Replacement ThinkPad X201 DC Jack Shell

A replacement for the outer shell of a ThinkPad X201 DC input jack


Last week I accidentally knocked my ThinkPad off of my mini fridge in my sleep. I woke up to it on the ground, and afterwards it refused to charge. I opened it up and found the shell for the DC input jack broken into about six pieces. I removed the bits of plastic, and as a temporary work-around plugged the charger directly into the metal bits that make the computer charge.

I'm currently enrolled in a "build a droid" class where we have to create and 3D print parts for a droid, and figured it could be fun to try to design and print my own shell for the input jack.

So I did the thing that lots of people without mag-safe chargers do, and I knocked a laptop onto where its charger enters itself. To make matters worse, my other laptop decided to stop turning on, but that's a different story. Anyways, the DC Input on my ThinkPad is ruined, and no combination of shaking it or jiggling the cord was getting it to charge. All of the things to let it charge are intact, but the outer shell that holds those pieces in place was shattered from the fall (well, I guess it was really the landing that shattered it).

I thought to myself, "Self, I could spend $10 and buy a new one, but then I'd have to take the fan out of my laptop, and I'd have to wait for shipping, and what if it breaks again? This is a common part to break, wouldn't it be nice to have a design file for it so I can replace it when it breaks again?"
To which I replied, "Yes, self, that is not a bad idea. I'll learn stuff too. Who cares if it takes a little longer to design and print than it would be to ship in a new part, it's slightly cheaper, and in the mean time I can always use tape to fix it." And thus this project was born. 

DC Jack 2_ Electric Boogaloo Top.stl

Attempt two at the shell, the top half.

Standard Tesselated Geometry - 20.39 kB - 02/13/2018 at 05:59


DC Jack 2_ Electric Boogaloo Bottom.stl

Attempt two at the shell, the bottom half.

Standard Tesselated Geometry - 12.78 kB - 02/13/2018 at 05:59


DC Jack.stl

Attempt number one on my own outer shell.

Standard Tesselated Geometry - 15.51 kB - 02/11/2018 at 04:53


  • Try number two

    John Westhoff02/13/2018 at 06:07 0 comments

    I went back to the drawing board, and increased the size of everything by a few tenths of a millimeter. I can't go too big, because then the part won't fit in the ThinkPad. I'm hoping that this will let things fit where they should. To solve my issue about support material being hard to remove, I split the design in half. I'm hoping this will allow me to more easily get the raft material off of the bottom of the part near the slots for the tabs, as I won't have to push tools through the entire part to reach the tabs. I plan on gluing the parts together, which may prove futile as the raft may make the surfaces too rough. In that case I plan on sanding it down, or gluing strips of plastic to the sides of both. I may not even need to hold them together at all, as there isn't much room for them to move within the laptop anyways.

  • Lessons Learned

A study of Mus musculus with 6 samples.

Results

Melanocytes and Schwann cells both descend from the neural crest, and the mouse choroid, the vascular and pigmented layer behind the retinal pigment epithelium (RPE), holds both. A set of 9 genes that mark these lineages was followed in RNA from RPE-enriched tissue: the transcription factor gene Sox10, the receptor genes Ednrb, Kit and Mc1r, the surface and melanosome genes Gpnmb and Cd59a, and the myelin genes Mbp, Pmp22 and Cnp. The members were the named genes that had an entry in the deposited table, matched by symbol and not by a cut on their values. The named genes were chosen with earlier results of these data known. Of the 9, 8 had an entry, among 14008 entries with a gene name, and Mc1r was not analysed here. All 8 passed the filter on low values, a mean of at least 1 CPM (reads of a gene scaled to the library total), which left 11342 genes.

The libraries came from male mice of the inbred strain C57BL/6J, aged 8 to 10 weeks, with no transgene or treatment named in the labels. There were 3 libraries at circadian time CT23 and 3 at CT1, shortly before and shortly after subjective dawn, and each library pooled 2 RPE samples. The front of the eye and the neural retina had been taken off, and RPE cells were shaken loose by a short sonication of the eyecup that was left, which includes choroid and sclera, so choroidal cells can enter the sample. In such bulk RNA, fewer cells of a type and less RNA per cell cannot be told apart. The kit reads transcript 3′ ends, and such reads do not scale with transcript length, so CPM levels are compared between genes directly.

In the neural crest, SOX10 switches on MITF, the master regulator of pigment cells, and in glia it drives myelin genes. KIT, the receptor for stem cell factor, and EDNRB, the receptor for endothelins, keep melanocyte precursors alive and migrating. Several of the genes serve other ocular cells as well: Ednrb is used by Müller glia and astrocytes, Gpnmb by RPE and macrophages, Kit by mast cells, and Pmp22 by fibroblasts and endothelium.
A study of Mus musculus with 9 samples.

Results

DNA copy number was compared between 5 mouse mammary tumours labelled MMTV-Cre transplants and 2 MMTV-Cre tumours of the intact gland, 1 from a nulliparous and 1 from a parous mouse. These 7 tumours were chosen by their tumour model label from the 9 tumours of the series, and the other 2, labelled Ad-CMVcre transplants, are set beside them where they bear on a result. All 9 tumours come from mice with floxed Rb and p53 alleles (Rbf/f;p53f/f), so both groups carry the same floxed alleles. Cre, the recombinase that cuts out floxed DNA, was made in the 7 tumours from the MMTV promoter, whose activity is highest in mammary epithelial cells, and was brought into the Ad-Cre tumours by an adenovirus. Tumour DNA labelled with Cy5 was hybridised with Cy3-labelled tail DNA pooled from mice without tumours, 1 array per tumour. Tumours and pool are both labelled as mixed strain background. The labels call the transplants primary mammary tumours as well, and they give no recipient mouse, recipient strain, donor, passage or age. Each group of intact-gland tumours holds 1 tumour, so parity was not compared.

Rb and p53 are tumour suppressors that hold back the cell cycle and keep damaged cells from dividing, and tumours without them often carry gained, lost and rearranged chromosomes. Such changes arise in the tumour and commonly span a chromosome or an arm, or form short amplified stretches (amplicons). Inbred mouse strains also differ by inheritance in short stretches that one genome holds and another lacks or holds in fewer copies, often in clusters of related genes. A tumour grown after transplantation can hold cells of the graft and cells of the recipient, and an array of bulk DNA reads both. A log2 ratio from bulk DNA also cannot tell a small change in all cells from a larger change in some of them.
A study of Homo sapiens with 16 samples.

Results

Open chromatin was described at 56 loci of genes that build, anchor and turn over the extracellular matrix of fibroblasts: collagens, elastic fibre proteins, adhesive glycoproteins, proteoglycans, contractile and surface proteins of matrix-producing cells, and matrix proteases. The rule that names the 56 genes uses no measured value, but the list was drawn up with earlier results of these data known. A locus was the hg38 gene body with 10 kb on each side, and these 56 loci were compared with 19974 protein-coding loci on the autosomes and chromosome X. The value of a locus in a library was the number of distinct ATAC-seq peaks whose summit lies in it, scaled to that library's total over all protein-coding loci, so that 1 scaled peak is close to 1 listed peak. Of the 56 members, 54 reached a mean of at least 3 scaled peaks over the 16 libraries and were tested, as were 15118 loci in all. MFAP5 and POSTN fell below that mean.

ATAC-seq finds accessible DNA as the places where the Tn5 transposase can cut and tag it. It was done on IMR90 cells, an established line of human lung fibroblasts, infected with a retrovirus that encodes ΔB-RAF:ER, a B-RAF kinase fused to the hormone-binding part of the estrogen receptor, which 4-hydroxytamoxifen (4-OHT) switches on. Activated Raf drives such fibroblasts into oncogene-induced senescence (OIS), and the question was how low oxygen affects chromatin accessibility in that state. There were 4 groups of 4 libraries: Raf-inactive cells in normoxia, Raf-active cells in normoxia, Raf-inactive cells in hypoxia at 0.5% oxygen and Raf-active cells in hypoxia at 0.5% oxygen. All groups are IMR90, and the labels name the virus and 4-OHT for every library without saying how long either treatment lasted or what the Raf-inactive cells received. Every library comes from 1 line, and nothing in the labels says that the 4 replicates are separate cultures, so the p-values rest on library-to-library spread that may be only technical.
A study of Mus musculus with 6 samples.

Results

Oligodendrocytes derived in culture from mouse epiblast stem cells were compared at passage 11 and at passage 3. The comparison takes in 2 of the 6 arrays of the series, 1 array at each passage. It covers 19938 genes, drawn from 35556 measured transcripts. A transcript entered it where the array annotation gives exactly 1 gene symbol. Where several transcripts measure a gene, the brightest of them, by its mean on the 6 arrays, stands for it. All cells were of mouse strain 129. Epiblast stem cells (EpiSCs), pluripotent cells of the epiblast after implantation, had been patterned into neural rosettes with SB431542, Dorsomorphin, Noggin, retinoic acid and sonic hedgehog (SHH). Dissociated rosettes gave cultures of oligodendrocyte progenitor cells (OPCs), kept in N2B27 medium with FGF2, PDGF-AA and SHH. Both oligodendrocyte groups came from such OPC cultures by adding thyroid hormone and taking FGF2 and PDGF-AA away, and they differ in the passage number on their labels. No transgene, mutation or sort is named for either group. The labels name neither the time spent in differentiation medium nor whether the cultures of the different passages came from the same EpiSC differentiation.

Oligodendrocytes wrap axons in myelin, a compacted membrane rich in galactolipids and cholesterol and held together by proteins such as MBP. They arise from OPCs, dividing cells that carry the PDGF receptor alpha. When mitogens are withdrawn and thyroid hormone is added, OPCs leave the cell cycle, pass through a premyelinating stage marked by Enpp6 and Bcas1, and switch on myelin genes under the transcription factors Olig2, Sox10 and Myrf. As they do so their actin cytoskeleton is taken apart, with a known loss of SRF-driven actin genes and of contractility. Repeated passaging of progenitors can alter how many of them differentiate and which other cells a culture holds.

John Westhoff02/12/2018 at 22:23 0 comments

    So, err, that didn't work. I guess I didn't account for a two big things:

    1. The difficulty of removing support material near thin walls
    2. The fact that the printer doesn't print lines with 0 width

    (1) caused the slots where the ground tap inserts in the back of the shell to be impossible to clean out without destroying the walls that would hold the tab in place. 

    (2) caused the hole for the DC plug to be just about exactly the size of the plug itself rather than 1mm larger, so, um, it didn't quite fit...

    This was cheap enough that I can try and fail a fair number more times before I would have been better off just replacing the part online, so I will revise my design and upload it once I am ready to try another print.

  • Design

    John Westhoff02/11/2018 at 04:53 0 comments

    I removed all of the screws from my ThinkPad. That might have been a little big overkill, but whatever.

    I then removed the keyboard from the laptop by prying it up, and then I detached the plastic molding that covers the hinges.

    I pulled the screen half up and out of the hinges, and removed the broken bits of plastic. I found one to be a diagonal half of the shell, pictured below.

    This seemed like a good place to start, so I measured everything I could with a pair of calipers. 

    That little plastic chip, if it were a complete rectangular prism, would measure 12mm x 10mm x 11.5mm. It seems that the hole the DC plug would go into is 8mm in diameter, and the little circular lip that is part of that solid is 1mm thick. I also measured the inner pieces of the DC jack. 

    The inner cylinder is about 7.5mm long, and has a diameter of about 5.3mm. Behind the cylinder is a 5mm x 4.3mm rectangular prism that is 4.7mm deep and about half a milliliter below center on the cylinder. The ground tab is about 14mm long and about 3.7mm wide. Towards the tip of the tab the bump is about 1.5mm high and towards the back there is a bump that is about 2.5mm high in the opposite direction.

    Then I fired up Tinkercad and started on a model for the outer shell, which is available as one of the project files. I plan on gluing the inner pieces to the completed outer shell once it is printed.